Nov 19, 2012
Originally published on November 20, 2012 10:38 am

Transcript

LINDA WERTHEIMER, HOST:

This is MORNING EDITION from NPR News. I'm Linda Wertheimer.

RENEE MONTAGNE, HOST:

And I'm Renee Montagne.

BP made headlines last week when it was hit with a record criminal fine over the oil platform Deepwater Horizon that exploded in the Gulf of Mexico. It also pleaded guilty to manslaughter in the deaths of 11 rig workers. But that was hardly the end of the oil company's legal troubles. BP still faces a civil trial that could see it once again fined, this time for each barrel of oil that gushed into Gulf waters for months. NPR's Carrie Johnson reports.

CARRIE JOHNSON, BYLINE: Let's start with the deadline. BP, the Justice Department and five Gulf Coast states have about two months to strike a deal before the huge civil trial starts in New Orleans. Attorney General Eric Holder.

ATTORNEY GENERAL ERIC HOLDER: I'll be very honest. We have been in negotiations with BP. We have not reached a number that I considered satisfactory.

JOHNSON: There are plenty of reasons the oil giant might want to resolve the case - about 21 billion of them. That's the high end of the price tag if the Justice Department can prove BP was grossly negligent under the standards of the Clean Water Act. Tony West is an associate attorney general who's playing a big role in the civil lawsuit.

TONY WEST: You have an $1,100 per barrel penalty, statutory penalties for negligence. That gets up to $4,400 per barrel for gross negligence. And the difference there, of course, the standard in the law, is the difference between violating a duty of care versus wanton and reckless conduct.

JOHNSON: Let's unpack that a bit. If a company behaves with negligence, it's on the hook for fines of about $1,000 per barrel of oil. But if the government can prove the company acted recklessly by disregarding red flags, that fine increases four-fold. California Democrat Henry Waxman, who helped investigate the spill in the U.S. House, says the Gulf disaster could have been avoided - the heart of the federal government's argument.

REPRESENTATIVE HENRY WAXMAN: The blowout was preventable. It happened because BP made a series of reckless decisions.

JOHNSON: For its part, BP has admitted negligence in misreading key tests on the Macondo well hours before the blowout the night of April 20, 2010. But the company is fighting the idea that it acted with gross negligence. And it's also contesting how much oil seeped into the Gulf, the basis for most environmental fines.

Chief executive Bob Dudley says BP is open to resolving the civil case but only on what he called reasonable terms. Jane Barrett is a law professor at the University of Maryland.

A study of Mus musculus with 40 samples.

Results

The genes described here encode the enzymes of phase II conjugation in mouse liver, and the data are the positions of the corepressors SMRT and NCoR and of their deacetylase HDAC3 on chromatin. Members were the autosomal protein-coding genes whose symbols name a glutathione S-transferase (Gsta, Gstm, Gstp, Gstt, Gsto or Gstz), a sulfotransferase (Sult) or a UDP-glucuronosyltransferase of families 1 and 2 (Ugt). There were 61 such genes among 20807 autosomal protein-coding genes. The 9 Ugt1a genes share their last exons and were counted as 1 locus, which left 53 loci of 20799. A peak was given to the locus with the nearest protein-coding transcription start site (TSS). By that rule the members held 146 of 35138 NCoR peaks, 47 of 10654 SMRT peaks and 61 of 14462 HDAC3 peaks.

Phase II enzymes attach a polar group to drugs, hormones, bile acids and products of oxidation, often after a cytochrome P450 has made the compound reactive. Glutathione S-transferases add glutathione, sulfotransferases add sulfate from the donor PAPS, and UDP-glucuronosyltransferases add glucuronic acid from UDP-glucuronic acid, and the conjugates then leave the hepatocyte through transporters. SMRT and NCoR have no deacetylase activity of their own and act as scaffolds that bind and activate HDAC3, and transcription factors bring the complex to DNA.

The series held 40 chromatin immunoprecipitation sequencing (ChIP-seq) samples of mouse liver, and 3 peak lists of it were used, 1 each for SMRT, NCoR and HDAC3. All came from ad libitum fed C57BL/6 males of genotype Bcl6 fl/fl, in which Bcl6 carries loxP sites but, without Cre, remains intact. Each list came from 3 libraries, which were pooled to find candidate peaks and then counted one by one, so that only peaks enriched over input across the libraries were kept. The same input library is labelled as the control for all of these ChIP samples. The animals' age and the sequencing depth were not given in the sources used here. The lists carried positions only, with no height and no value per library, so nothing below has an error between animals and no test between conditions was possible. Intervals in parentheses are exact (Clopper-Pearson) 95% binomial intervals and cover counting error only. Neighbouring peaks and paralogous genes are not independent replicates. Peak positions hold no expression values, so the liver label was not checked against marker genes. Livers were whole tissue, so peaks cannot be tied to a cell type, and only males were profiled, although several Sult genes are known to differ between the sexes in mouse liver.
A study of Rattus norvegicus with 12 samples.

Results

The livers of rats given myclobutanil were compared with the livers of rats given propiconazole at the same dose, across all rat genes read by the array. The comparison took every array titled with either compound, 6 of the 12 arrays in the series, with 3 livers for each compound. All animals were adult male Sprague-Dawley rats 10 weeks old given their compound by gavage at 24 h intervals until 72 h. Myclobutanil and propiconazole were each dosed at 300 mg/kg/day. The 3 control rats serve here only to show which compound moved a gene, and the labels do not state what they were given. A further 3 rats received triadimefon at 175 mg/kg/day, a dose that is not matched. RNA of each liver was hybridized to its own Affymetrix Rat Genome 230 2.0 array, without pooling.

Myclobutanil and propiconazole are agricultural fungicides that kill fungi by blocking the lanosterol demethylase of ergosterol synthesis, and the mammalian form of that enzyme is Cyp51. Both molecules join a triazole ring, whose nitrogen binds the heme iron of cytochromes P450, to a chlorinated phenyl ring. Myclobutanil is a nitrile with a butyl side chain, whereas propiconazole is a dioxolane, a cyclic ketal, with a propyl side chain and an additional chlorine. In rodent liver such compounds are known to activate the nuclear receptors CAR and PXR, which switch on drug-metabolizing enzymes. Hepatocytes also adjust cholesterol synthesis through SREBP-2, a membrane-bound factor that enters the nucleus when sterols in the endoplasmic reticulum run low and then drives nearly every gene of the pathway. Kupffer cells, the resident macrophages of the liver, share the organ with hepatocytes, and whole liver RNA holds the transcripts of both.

JANE BARRETT: I think that it will make it easier for the government to negotiate with BP now that the criminal case is behind them.

JOHNSON: But, Barrett says, there are still some big road blocks, especially the jockeying among five Gulf Coast states to get a piece of the action.

BARRETT: That's not to say it's going to be easy, because everyone, I think, feels like, you know, that their injuries are the worst and is going to want to make sure that they have enough money to make their states whole.

JOHNSON: The states are due to share 80 percent of the fines under the Clean Water Act. But there are three other kinds of claims on the table. First, there are natural resource damages under a separate law called the Oil Pollution Act. Then the costs of responding to the disaster. And finally, economic losses, like cancelled tourist reservations or tax revenues the states couldn't collect because of lost jobs and businesses. Former environmental crimes prosecutor David Uhlmann wonders about the other big players in the civil case.

DAVID UHLMANN: What will happen with Transocean and Halliburton?

JOHNSON: Transocean, the owner of the Deepwater Horizon rig, says it's already set aside $2 billion to cover the civil lawsuit. Halliburton, the company that lined the Macondo well, could be on the hook too. David Uhlmann.

UHLMANN: Trials generally drive settlement talks. So in all likelihood we won't see a civil settlement until we get much closer to the trial date.

JOHNSON: Which may be why Attorney General Holder and BP managers continue to insist they're getting ready for a courtroom standoff in February in New Orleans.

Carrie Johnson, NPR News, Washington. Transcript provided by NPR, Copyright National Public Radio.